Kennedy: It was the drugs, not alcohol

The Rhode Island Democrat says a combination of prescription medications left him disoriented.

Tim Grieve
May 5, 2006 4:44PM (UTC)

After initially denying that alcohol had anything to do with his early-morning car accident near the U.S. Capitol, Rhode Island Democrat Patrick Kennedy is now putting the blame on a blend of prescription drugs.

In a statement, Kennedy says he took two prescription drugs Wednesday night: the sleeping medication Ambien and Phenergan, which is prescribed for gastroenteritis. Then, he says, "Sometime around 2:45 a.m., I drove the few blocks to the Capitol Complex believing I needed to vote. Apparently, I was disoriented from the medication."


Although Capitol Police sergeants allegedly stepped in before patrol officers could give Kennedy a roadside sobriety test Thursday morning, the congressman continues to insist that alcohol wasn't a factor in the accident. Lou Cannon, the president of the D.C. Fraternal Order of Police Lodge 1, tells the Washington Post that he's skeptical. "The timeliness of the statement says everything," he said, noting that it took Kennedy 19 hours from the time of the accident before he came up with his public explanation for it.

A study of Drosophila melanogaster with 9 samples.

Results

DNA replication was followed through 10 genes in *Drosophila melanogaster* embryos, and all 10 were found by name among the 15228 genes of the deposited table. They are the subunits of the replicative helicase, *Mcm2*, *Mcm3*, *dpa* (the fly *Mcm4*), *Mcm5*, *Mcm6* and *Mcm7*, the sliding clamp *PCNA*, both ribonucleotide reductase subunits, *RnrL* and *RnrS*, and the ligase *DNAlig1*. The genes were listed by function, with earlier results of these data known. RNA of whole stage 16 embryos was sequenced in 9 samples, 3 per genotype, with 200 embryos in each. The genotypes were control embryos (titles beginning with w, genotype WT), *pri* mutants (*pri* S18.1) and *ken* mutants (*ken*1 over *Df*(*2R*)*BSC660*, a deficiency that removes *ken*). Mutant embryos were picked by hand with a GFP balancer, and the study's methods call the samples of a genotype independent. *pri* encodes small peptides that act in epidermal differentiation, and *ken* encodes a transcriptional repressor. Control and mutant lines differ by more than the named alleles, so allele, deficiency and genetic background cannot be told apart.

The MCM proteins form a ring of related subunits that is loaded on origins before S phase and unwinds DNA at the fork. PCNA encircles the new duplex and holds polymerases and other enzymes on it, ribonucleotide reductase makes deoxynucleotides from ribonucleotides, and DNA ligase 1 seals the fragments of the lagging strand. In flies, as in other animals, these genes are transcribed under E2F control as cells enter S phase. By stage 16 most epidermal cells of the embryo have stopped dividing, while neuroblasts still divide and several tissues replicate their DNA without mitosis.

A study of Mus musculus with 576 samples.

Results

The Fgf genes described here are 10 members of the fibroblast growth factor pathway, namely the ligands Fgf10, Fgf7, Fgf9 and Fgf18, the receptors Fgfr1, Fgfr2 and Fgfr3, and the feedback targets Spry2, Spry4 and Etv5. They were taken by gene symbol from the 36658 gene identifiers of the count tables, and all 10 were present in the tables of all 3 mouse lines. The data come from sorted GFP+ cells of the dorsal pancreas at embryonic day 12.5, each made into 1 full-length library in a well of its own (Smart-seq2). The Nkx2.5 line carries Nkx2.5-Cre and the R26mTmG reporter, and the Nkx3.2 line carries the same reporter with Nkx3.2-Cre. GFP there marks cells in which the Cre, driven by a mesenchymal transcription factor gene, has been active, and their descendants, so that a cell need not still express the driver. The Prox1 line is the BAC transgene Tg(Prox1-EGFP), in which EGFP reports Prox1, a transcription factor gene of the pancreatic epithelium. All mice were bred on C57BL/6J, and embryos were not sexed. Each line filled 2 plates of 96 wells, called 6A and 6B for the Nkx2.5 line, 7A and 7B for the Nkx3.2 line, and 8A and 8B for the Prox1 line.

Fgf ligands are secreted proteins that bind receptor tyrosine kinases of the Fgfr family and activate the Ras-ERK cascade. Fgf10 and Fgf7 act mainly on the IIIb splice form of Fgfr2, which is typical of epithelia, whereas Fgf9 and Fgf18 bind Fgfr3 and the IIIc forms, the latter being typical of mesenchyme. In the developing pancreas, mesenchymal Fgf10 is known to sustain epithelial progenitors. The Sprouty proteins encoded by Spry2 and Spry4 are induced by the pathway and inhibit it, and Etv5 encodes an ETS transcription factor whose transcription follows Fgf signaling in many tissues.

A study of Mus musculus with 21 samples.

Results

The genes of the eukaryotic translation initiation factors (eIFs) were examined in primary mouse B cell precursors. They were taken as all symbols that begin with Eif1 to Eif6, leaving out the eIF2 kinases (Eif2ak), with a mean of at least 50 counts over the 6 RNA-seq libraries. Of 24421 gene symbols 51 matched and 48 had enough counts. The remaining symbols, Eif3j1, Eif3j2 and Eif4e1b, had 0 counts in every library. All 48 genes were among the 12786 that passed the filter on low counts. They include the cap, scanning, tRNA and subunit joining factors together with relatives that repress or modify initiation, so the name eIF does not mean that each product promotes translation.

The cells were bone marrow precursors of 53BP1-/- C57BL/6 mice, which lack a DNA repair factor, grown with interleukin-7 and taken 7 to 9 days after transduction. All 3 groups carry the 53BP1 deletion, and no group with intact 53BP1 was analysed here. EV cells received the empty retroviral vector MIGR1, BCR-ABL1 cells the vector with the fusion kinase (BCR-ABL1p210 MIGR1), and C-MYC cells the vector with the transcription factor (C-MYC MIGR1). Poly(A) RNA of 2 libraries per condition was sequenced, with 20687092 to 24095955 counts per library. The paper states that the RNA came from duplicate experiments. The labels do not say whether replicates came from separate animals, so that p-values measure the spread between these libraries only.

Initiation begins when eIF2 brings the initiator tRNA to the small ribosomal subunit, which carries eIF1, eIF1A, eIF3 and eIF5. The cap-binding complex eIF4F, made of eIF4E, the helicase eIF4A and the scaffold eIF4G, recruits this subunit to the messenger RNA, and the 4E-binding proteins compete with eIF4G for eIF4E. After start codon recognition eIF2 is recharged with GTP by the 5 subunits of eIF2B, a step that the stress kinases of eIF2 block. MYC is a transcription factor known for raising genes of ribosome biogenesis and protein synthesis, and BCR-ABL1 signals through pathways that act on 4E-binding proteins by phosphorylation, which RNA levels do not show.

Of course, 19 hours doesn't seem so unreasonable when measured against the current gold standard for such things. You'll recall that Vice President Dick Cheney managed to avoid a field sobriety test on the evening he shot Harry Whittington; that Cheney's camp didn't make any kind of public statement until nearly 13 hours after the incident; and that Cheney didn't admit publicly to drinking before the shooting until four days after the fact.

Update: Kennedy's office announced Friday afternoon that he will seek treatment for prescription drug addiction. Meanwhile, Capitol Police cited him for speeding, driving in the wrong lane and failing to devote his undivided attention to driving.

Tim Grieve

Tim Grieve is a senior writer and the author of Salon's War Room blog.